Dress for the heat when you work in finance: a personal stylist's guide
Dress codes in banking are changing. Stefan Bollinger, the Goldman Sachs partner who co-heads private wealth for EMEA appeared on stage at the firm's recent EMEA credit and leveraged finance conference in a suit and white sneakers, and he doesn't even work in tech.
As we've noted, though, this shouldn't be taken to imply that the hot weather entails the relaxation of all dress codes. There are still boundaries. If you are male, Patrick Kenger, a personal stylist at Pivot Image in New York, has some guidance on how to navigate them.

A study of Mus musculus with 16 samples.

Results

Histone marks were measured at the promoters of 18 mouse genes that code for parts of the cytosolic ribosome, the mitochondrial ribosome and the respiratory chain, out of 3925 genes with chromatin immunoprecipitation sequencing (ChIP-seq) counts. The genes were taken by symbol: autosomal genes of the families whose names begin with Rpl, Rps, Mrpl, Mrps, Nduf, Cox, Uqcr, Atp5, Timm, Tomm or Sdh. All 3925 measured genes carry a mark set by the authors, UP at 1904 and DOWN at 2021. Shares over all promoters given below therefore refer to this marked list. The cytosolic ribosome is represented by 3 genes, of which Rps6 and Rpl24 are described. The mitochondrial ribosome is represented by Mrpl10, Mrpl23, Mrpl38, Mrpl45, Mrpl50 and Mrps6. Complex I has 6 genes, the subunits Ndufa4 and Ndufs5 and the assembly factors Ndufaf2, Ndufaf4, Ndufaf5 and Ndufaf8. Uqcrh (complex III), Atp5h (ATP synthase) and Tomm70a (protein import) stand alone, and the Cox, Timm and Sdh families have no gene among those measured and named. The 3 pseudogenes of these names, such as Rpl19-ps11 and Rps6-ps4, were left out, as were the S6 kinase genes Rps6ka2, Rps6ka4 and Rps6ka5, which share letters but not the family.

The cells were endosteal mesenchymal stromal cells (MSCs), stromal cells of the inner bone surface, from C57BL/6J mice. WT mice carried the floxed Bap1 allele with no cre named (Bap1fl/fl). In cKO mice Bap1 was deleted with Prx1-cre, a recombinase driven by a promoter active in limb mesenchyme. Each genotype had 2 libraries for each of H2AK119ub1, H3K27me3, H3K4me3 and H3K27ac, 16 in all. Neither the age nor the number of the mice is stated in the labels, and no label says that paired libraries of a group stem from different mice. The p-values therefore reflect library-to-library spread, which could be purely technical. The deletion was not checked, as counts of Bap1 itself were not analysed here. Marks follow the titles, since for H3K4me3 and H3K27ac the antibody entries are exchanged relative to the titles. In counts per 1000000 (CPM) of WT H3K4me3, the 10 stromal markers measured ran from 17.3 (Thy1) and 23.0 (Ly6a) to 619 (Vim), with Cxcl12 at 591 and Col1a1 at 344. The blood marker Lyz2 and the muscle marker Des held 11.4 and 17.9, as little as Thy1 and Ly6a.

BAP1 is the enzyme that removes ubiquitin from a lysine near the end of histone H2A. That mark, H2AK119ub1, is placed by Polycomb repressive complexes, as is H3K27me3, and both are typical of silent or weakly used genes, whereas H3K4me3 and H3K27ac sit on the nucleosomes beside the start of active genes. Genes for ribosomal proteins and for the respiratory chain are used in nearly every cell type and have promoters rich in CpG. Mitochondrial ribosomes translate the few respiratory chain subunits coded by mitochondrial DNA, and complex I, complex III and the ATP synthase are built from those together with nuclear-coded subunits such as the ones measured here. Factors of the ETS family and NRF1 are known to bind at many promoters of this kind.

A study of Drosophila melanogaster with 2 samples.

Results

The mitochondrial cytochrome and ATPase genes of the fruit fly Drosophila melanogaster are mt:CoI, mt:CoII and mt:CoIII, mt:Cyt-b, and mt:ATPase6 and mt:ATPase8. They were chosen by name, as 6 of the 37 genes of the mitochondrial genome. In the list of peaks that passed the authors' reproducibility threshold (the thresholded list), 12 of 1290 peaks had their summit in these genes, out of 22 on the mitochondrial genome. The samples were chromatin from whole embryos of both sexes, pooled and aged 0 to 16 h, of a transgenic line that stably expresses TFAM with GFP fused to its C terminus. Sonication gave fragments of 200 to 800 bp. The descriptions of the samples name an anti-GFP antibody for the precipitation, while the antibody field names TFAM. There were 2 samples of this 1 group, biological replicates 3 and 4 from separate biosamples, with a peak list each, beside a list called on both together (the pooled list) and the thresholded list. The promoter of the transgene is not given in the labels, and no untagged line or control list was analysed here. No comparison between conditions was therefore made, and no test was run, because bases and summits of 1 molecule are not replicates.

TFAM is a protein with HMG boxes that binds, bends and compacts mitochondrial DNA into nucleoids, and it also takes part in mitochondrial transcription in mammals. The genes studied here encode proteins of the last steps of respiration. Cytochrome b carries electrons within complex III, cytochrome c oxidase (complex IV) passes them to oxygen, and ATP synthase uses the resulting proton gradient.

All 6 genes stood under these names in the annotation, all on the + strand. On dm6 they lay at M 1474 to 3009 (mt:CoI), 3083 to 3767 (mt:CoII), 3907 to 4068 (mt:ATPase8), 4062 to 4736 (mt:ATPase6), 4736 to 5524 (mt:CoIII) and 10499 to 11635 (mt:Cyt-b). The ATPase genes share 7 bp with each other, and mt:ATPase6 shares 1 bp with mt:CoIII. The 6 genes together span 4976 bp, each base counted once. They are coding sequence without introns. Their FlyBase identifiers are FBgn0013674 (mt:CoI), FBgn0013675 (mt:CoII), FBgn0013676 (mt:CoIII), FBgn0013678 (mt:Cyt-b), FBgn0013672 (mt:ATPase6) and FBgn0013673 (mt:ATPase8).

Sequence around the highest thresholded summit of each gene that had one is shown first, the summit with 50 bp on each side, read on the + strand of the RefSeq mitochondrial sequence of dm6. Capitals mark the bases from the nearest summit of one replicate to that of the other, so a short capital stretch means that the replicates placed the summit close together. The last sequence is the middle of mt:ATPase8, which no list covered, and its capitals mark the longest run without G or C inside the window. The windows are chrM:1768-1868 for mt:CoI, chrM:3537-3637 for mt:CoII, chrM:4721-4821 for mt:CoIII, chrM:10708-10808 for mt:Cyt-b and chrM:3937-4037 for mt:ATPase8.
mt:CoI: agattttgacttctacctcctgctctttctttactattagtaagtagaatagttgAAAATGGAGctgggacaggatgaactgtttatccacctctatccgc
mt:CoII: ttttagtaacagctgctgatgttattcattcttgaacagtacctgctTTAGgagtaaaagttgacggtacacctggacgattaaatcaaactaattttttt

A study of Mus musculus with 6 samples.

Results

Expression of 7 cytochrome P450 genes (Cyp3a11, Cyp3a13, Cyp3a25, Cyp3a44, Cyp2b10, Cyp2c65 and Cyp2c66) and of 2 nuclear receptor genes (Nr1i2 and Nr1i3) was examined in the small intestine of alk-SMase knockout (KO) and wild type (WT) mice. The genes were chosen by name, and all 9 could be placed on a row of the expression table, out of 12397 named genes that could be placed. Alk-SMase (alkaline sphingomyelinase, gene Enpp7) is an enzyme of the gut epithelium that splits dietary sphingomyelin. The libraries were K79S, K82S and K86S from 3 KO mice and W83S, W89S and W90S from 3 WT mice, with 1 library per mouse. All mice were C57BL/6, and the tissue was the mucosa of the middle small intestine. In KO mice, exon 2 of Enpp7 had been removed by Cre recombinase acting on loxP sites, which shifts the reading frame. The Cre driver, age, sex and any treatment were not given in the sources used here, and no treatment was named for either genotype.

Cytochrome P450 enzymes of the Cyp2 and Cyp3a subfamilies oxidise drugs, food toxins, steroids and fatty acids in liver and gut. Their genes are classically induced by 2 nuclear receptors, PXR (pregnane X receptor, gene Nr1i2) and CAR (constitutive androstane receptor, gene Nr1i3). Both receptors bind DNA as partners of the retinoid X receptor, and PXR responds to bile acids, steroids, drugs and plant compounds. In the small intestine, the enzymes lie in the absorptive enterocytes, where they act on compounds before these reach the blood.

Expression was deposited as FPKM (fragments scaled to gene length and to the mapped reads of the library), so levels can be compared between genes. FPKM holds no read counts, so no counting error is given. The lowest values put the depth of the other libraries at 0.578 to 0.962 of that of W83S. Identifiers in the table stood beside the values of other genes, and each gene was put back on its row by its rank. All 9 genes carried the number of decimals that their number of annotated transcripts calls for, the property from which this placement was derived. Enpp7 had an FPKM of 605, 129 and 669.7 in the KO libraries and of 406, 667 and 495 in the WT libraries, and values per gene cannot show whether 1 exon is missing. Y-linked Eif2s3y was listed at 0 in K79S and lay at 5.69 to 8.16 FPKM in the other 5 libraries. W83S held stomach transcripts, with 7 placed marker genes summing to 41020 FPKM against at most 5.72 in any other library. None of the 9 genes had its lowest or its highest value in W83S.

"The extent to which you can flex the office dress code depends largely on your company's culture," says Kenger. It's best to be cautious, says Kenger. Think small adjustments. Loafers instead of flip-flops.
Style mistakes in warm weather:
The worst mistake you can make is an inappropriate fabric choice. "Non-breathable fabrics like thick wool suits or polyester shirts will cause you to sweat," says Kenger.
He advises that you look for, "lightweight tropical wool or linen-blend suits, sport coats, and dress trousers." Such garments can be found at the likes of, "Suit Supply, Brooks Brothers, and Hugo Boss" and might be accompanied by, "silk or linen ties and pocket squares for a pop of individuality."
Although Goldman partners can wear white trainers, Kenger thinks most banking men should still be loafers, which he says, "work great in the summer."
"Brands like Alden, Allen Edmond, and Morjas are good picks I recommend to clients," he adds.